When I was in my late 20s, the time came to have my wisdom teeth removed.
I knew this only because an upper molar had developed a deep, black hole in the side of it. I had no pain associated with the tooth, and it took a surprisingly long time to realize that the enormous cavity was even there; I'd grown so used to cleaning food out of the area by scooping my finger between the back molar and my cheek that I thought nothing of feeling something odd in that tight space. Not until my tongue noted the hole's sharp edges did I even begin to be alarmed.
Thanks to an excellent dental program through my job in Chicago, who carried Blue Cross Blue Shield at the time (late '90s), I found a dental surgeon in Evanston who not only agreed to remove my wisdom teeth for a more-than-acceptable amount, but he also scheduled a timely appointment for the procedure. I think he had me back in to his office within a few days after my initial off-the-street appointment. (And, oh, I can only wish that I had such excellent insurance coverage now!)
But here's the thing. This is where the dentist did what I consider to be the smartest thing that has ever been done for me in a dental facility.
He did not suggest that I undergo general anesthesia.
Instead, the dentist gave me a local anesthetic to numb the area, then proceeded to extract the teeth. Yes, that's right--I remained fully awake the entire time. I didn't feel pain, per se--more like a strong pressure as he cracked and wrestled two of my wisdom teeth out of my mouth. I gripped the armrests and had my eyes squeezed shut, but in all honesty, the noises made during this procedure were actually worse than the pressures in my mouth. Afterwards, I left the office, picked up my antibiotics at a nearby pharmacy, went back to my apartment and spent the next several days obediently taking my pills and keeping the gauze clean around the two gaping holes in my gum line.
About a week or two later, I went in and he removed the other two wisdom teeth in the same fashion. The second procedure went easier than the first, partly because I knew what to expect that time and partly because the dentist removed healthy teeth (the damaged tooth had broken under pressure).
When I read stories on the news of people dying from being under anesthesia in a dentist's office, it makes me wonder why anyone would want to choose that option... it also makes me wonder if they are even given a choice, or if the procedure is simply laid out as-is and without variance.
For the dental staff, I can imagine it's much easier to knock a patient out rather than listen to them complain, moan, cry or perhaps even scream as the dentist is working on them; worse yet, the staff run the risk of having a physically-violent patient, or one who who refuses to stay in place during the procedure. For the patients, I can also imagine that they would be eager to grab for that escape hatch, to let their consciousness drift away rather than deal with any possible pain, discomfort or unpleasant experiences.
But is it really worth the risk? For either party?
Doctor Henry Rosenberg of Thomas Jefferson University published an article on "Mortality Associated with Anesthesia" which is an insightful look into the history, uses and complications that can arise from anesthesia. Give it a read. Then look up some statistics. Know what you or a loved one might be faced with before you're put in a position of having to decide on whether or not you're obligated to use general anesthesia for a given medical procedure.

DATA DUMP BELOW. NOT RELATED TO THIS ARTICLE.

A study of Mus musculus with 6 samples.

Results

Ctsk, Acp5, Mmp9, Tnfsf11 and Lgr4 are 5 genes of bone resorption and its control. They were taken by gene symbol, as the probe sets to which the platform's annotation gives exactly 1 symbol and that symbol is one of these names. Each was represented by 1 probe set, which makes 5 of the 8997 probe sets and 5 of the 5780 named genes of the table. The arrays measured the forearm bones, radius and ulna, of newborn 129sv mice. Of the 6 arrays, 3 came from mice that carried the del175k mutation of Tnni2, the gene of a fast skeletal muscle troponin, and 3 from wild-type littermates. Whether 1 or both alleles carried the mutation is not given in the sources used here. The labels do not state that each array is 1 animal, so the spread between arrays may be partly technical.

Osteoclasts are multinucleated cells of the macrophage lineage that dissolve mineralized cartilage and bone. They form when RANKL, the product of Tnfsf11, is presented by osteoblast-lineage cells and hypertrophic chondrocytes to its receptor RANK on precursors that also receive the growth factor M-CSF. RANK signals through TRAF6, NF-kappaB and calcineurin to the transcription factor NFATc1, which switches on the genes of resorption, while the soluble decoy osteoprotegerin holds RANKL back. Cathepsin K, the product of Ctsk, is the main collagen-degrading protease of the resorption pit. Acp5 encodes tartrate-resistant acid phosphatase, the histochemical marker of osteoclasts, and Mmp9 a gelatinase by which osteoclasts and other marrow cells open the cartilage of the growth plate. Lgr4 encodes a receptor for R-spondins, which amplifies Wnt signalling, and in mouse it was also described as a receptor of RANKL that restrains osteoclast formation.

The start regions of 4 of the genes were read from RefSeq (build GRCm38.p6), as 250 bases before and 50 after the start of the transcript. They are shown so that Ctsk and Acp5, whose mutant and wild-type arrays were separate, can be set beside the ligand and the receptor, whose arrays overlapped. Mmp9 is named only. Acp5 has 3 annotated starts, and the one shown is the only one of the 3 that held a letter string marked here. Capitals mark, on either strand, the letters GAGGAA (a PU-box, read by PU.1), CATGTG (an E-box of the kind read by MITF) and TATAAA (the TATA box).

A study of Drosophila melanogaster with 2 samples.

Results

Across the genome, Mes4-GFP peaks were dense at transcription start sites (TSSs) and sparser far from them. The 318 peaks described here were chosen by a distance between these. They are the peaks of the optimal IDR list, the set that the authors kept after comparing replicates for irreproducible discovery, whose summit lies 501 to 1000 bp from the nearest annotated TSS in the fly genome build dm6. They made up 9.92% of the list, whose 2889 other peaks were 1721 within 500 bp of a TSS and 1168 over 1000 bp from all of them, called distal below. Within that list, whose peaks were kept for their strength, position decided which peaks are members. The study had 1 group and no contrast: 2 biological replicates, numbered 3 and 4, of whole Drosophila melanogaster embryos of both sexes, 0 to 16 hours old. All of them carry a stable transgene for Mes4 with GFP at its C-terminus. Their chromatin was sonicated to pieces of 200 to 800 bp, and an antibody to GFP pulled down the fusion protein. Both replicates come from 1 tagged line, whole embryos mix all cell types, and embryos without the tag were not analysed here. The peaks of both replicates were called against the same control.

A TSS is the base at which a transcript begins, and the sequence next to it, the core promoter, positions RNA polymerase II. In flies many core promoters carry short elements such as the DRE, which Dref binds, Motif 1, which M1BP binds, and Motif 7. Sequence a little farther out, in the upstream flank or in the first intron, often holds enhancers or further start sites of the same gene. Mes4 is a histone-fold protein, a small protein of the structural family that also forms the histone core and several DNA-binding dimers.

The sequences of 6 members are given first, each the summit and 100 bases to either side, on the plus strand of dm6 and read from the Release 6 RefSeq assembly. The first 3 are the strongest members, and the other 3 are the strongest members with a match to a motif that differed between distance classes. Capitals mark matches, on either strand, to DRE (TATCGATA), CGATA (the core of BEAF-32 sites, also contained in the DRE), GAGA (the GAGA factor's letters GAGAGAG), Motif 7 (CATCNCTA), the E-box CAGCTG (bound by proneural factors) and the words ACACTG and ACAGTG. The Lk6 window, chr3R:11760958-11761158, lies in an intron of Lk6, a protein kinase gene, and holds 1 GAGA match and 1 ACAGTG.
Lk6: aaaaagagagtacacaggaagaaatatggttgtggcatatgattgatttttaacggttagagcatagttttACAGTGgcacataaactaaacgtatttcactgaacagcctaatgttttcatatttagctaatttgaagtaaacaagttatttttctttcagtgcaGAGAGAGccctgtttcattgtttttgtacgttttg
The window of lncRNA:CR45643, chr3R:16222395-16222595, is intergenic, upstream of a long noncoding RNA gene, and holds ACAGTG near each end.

If you've never been put under general anesthesia before, you don't know what it will do to you. Are you allergic? Do you have other medical issues that could complicate things? If something goes wrong, are you in or near a facility that can begin resuscitation procedures right away?
(However, note that even picking the right location is no guarantee of personal safety. Last year, while in a hospital office building in West Hollywood, California, I passed out during a clinical trial. It took a full thirty minutes for an ambulance to come and transport me on what was otherwise a minute-and-a-half walk to the hospital's emergency room. Luckily, I was only out for less than a minute and never stopped breathing, though because of the delay, I was tempted to just walk myself over to the E.R. for treatment. Oh, yea, and aside from the long wait, the charge for the ambulance ride was $1,500--just to transport me around the block. Afterwards, I also went through months of wrongful billing from the hospital as well as the L.A. Fire Department for the ambulance ride, even though I had the clinical trials doctor right there with me to explain that all the billing had to go to her office.)
I suppose that it can be argued that my dentist screwed me out of money by having me come back twice for the same surgery, and then again for a follow-up--that's a total of four visits, counting the initial examination. And, of course, even local anesthetics are not without risks... but I'm alive. I experienced a difficult medical procedure and only had to deal with the same after-care issues (a slight fever, jaw pain, etc.) that anyone experiences after having their wisdom teeth extracted.
Maybe the process wasn't "clean" or "pleasant" or "quick." Maybe it put a cramp in my schedule, having to schedule repeat visits. But we cannot always escape things we don't like or that we're afraid to face... and in some cases, trying to do so could be deadly.